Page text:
There are in total 228 airline carriers blacklisted by the European Union. Planes from those carriers are not permitted to land in EU countries, nor fly in Europe’s airspace. There are also airlines that only have limited access to Europe’s airspace – for which not every type of plane is allowed to enter Europe.
The EU has one of the safest air spaces in the world because EU member states adhere to high standards in the field of aviation safety and monitoring. Outside the EU this is not always the case. The European Commission in 2005 drew up a ‘blacklist’ of global aviation carriers that do not meet the rigorous European safety standards, thereby protecting the EU’s airspace as far as possible from unsafe airlines. It is not permitted for these carriers to operate their own flights* to European member states, or to fly over them.
The 2015 edition of the blacklist contains 228 airlines from 21 different countries. More than a quarter of these airlines operates out of Indonesia – 59 Indonesian airlines are not welcome in Europe’s airspace. Just last month a Trigana Air plane crashed – one of the 59 banned airlines – whereby there were no survivors. Besides Indonesian carriers the most banned airliners stem from the Democratic Republic of Congo (21), Kazakhstan (19), Sudan (18), Mozambique (17) and Nepal (16). Kyrgyzstan and Angola both have 13 carriers prohibited from the European airspace. In total the list includes 15 African countries, which combined add 116 banned airliners to the list – more than half. The other countries are Asian, excepct Suriname, South America’s only entrant, facing one airline on the blacklist.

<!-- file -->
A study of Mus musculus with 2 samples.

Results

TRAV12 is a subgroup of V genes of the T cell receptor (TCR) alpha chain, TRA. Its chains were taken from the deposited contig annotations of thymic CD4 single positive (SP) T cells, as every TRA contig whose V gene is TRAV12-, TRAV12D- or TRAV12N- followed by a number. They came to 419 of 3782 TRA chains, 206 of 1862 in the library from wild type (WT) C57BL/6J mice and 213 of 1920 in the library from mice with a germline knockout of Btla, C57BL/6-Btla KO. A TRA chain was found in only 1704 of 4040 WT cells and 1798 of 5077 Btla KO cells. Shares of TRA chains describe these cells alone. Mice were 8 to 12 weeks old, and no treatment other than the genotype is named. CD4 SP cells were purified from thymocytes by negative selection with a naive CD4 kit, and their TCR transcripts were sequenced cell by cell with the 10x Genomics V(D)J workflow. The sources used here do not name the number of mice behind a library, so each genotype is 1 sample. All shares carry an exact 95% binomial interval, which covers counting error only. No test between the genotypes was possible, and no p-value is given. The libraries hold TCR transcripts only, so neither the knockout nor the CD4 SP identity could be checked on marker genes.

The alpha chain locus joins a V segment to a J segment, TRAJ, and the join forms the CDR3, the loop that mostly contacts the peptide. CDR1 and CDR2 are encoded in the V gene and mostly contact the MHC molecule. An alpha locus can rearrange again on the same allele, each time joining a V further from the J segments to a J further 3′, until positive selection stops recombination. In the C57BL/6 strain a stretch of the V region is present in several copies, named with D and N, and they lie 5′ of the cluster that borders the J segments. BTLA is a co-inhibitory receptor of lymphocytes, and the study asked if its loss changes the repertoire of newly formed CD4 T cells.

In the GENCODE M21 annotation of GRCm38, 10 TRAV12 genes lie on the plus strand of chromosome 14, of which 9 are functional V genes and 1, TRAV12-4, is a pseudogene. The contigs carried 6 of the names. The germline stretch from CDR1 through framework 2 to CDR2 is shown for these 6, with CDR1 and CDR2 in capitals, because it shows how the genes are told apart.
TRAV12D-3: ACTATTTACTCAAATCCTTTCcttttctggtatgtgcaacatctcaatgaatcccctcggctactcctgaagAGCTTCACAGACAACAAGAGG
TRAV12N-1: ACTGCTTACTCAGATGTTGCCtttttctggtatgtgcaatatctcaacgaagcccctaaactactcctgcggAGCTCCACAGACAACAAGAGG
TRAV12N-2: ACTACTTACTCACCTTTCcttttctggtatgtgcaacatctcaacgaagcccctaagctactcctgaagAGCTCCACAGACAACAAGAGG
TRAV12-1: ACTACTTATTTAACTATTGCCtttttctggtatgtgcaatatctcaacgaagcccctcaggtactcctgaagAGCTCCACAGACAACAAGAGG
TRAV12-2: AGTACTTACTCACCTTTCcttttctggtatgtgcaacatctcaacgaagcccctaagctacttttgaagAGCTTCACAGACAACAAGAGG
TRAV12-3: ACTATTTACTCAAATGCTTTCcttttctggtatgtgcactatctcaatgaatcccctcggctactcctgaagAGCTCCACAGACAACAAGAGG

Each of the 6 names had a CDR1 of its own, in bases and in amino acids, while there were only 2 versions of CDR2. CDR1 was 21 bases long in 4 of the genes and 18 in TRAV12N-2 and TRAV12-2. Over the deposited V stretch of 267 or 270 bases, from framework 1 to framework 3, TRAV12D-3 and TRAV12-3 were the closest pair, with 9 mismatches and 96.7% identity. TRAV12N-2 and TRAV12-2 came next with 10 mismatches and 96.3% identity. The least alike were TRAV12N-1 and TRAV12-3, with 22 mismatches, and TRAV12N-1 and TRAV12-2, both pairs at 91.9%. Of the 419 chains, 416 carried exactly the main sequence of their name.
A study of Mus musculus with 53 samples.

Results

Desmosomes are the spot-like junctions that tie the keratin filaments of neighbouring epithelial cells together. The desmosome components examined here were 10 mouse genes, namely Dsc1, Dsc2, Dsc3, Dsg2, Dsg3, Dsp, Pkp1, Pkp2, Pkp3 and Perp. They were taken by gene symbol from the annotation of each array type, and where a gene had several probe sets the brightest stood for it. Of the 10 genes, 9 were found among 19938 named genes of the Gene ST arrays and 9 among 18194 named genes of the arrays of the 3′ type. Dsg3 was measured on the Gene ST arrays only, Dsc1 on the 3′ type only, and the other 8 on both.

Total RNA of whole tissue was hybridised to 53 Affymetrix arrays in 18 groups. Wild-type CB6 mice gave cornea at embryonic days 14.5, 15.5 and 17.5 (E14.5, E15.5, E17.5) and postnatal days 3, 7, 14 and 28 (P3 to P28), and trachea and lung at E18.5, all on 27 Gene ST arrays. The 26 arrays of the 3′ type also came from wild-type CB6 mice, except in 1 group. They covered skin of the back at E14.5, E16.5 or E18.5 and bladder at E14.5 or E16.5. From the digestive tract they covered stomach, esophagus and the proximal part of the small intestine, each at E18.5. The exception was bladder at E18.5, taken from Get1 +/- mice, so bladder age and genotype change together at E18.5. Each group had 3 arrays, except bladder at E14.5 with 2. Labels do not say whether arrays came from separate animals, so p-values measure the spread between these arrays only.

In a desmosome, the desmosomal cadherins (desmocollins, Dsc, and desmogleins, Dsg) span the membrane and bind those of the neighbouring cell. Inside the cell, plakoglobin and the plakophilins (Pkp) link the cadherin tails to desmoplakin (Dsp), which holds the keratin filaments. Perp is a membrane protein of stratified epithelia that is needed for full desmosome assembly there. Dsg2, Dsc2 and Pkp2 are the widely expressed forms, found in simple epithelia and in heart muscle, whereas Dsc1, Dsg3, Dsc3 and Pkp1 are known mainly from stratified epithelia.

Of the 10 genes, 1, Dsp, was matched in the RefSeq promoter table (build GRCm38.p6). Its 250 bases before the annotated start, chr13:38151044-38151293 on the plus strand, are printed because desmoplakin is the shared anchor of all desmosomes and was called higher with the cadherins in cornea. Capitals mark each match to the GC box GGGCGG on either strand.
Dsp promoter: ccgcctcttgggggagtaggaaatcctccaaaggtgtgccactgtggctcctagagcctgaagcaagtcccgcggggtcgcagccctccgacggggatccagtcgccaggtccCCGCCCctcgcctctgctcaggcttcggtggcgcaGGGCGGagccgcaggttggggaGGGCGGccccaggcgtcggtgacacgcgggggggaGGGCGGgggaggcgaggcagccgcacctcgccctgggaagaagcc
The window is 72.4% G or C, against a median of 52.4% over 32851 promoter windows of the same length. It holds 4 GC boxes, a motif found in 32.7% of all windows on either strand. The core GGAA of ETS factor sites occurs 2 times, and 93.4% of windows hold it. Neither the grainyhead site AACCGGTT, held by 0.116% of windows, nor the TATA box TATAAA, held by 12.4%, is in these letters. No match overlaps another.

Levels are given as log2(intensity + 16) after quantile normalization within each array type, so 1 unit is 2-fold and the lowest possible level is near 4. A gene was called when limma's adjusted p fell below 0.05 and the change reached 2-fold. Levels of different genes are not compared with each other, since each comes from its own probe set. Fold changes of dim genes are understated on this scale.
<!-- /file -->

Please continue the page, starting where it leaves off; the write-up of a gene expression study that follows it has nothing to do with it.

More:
The EU has, besides a blacklist with totally banned carriers, a list of airlines that only have limited access to its airspace. Only a small number of planes from their respective fleets are permitted to operate within the EU. The list includes, among others, Air Astana, Iran Air and Air Koryo, the national airlines of Kazakhstan, Iran and North Korea respectively. Air Koryo may for example only operate two aircraft in EU airspace, since the others are deemed to be too risky, according to the European Commission.
* With aircraft and crew from other, not banned airlines, the banned carriers often can get permission to carry out flights to and across the EU countries. For flights without passengers – for maintenance in a European facility for example – exceptions are sometimes made.